I was musing about the news article this past week concerning all the sightings of UFO – Unidentified Flying Objects – over northern Ontario. My mind, taking a leap, I then wondered how many people had seen the Easter Bunny. UFOs and Santa Claus, okay, but the Easter Bunny? And how the heck, and where did the bunny ever get those coloured eggs – hard-boiled, even. Stay with me.
First of all, let us get the UFO thing straight. People actually think they see these flying saucers when they are seeing some light phenomenon, reflection, or refraction, frost in the air, aircraft, satellite, weather balloon, or a meteor. There are no visitors from outer space. Not ones that we can see, anyway. Okay, I admit that Roswell is a good story. In fact, more than a third of Americans are sure aliens exist and as many as 80% think that US government has kept some secret information about UFOs from them.
Excuse me for quoting statistics about Americans but most of the surveys I checked had figures for the United States, not Canada. There are not enough of us to do a reliable survey, I suppose. In any case, it seems we are agreeing with the “Americans” more than ever. Our Prime Minister is certainly in lockstep with Trump. I hope Justin is only cuddling up to American Foreign Policy because he wants our trading partner to look at us with some benevolence, not because he is being a lapdog. Then we have the Conservative Party hopefuls who are looking almost like Trump clones - without the hairdo.
However, back to the UFOs: more than three quarters of Americans believe there are indisputable evidences that aliens have already visited our planet. How else do we explain the Mayan calendar, the Pyramid placement, Stonehenge, Easter Island, and Rex Murphy?
Some of us, and I include the Americans, believe in many strange things: almost a quarter of us believe in reincarnation (i.e. we are convinced we were once another person). Of course, one in four Americans believe that the Sun revolves around the Earth, so reincarnation may not be that far-fetched. As many as 18% of Americans believe that the Earth is the center of the universe so you can see where these rumours get started. Don’t even do a survey about Darwin.
Almost 33% of Americans believe in ghosts and 18% of Americans even claim they have seen some. Before you scoff at these believers, remember that about 76% of us believe in angels. And so I return to the Easter Bunny. How many of us have seen him or her?
First the eggs. Ancient lore has it that the bunny or hare was once a bird. The bird became imperiled one day and an alien, riding on a UFO, changed the bird into a hare to save it. Birds lay eggs, so it may have been a temporary condition that the hares and rabbits laid eggs before being acclimatized to their new form and began having many, many baby bunnies.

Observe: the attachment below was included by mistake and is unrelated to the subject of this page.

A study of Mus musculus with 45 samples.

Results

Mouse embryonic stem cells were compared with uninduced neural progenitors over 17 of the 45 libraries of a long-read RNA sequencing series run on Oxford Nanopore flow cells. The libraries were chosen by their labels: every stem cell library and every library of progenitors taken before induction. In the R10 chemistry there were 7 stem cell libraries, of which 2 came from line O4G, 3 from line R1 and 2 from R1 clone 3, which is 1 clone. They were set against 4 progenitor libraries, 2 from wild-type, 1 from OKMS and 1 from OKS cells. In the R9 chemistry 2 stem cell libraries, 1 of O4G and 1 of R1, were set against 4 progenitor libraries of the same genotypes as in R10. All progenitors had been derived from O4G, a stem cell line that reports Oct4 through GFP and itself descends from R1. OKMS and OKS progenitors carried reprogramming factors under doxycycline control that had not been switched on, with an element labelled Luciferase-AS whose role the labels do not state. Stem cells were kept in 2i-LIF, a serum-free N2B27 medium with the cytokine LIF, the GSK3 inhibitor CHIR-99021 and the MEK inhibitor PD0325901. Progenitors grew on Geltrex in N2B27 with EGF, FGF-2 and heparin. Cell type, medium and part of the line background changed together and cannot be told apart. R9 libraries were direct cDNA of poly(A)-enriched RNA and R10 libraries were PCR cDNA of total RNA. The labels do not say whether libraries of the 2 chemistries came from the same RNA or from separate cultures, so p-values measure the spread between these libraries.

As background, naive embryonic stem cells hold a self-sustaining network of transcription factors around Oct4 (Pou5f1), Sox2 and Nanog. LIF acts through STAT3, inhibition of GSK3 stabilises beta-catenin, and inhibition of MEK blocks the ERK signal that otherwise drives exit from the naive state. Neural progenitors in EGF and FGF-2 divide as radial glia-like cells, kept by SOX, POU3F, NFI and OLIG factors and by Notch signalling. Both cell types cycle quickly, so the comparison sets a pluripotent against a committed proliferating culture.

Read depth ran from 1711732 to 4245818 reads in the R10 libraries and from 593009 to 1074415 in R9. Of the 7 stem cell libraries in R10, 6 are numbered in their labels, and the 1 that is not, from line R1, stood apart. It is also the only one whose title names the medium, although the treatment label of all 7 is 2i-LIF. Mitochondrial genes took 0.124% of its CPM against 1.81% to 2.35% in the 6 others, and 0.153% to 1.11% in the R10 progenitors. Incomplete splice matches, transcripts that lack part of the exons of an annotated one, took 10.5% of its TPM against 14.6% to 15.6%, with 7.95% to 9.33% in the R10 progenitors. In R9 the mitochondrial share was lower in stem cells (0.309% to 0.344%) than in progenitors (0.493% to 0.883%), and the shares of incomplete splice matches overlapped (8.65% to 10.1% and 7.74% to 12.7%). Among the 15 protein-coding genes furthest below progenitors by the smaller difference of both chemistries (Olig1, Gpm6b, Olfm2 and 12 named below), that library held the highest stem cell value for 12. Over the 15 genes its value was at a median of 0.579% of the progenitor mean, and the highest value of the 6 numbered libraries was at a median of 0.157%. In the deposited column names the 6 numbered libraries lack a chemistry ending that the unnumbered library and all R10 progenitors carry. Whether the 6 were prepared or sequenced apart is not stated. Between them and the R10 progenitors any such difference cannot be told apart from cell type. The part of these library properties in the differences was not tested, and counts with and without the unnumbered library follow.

The thing with the hard-boiled eggs is much easier and logical to explain. During olden Christian times, many Christians gave up eating eggs during Lent – the period after pancake Tuesday until Good Friday – so they needed to do something for 40 days with the eggs. Chickens did not stop laying eggs during Lent, as the Sisterhood of Eggs Producers had not bargained for that at the time. One way to preserve the eggs was to boil or cook them, keeping them cool until the end of Lent when they could again eat them. To differentiate the eggs for freshness, people began adding coloured leaves or flowers to the boiling water to dye the eggs and the rest is history.
The Easter Egg fad was appartently brought to the Americas by some Germans who when their chickens became unionized and took off the Lenten holiday, began making hollow Hersey chocolate eggs. The story was that the eggs were hollow to represent the cave where the Messiah was buried, but this was not a good sales pitch for children so Kinder started putting little gifts inside the eggs and made a fortune. Cadbury got in on the deal and had the Easter Bunny deliver little foil-wrapped ‘eggs’ sometime after Valentine’s day right through to the week after Easter Monday.
You can see how these things get started. You tell the children these fantastic stories; feed them too much chocolate and they see things in the night sky, years later and believe it was from outer space. Can you imagine the sightings we are going to have after July1 next year when we can enhance our night vision with marijuana?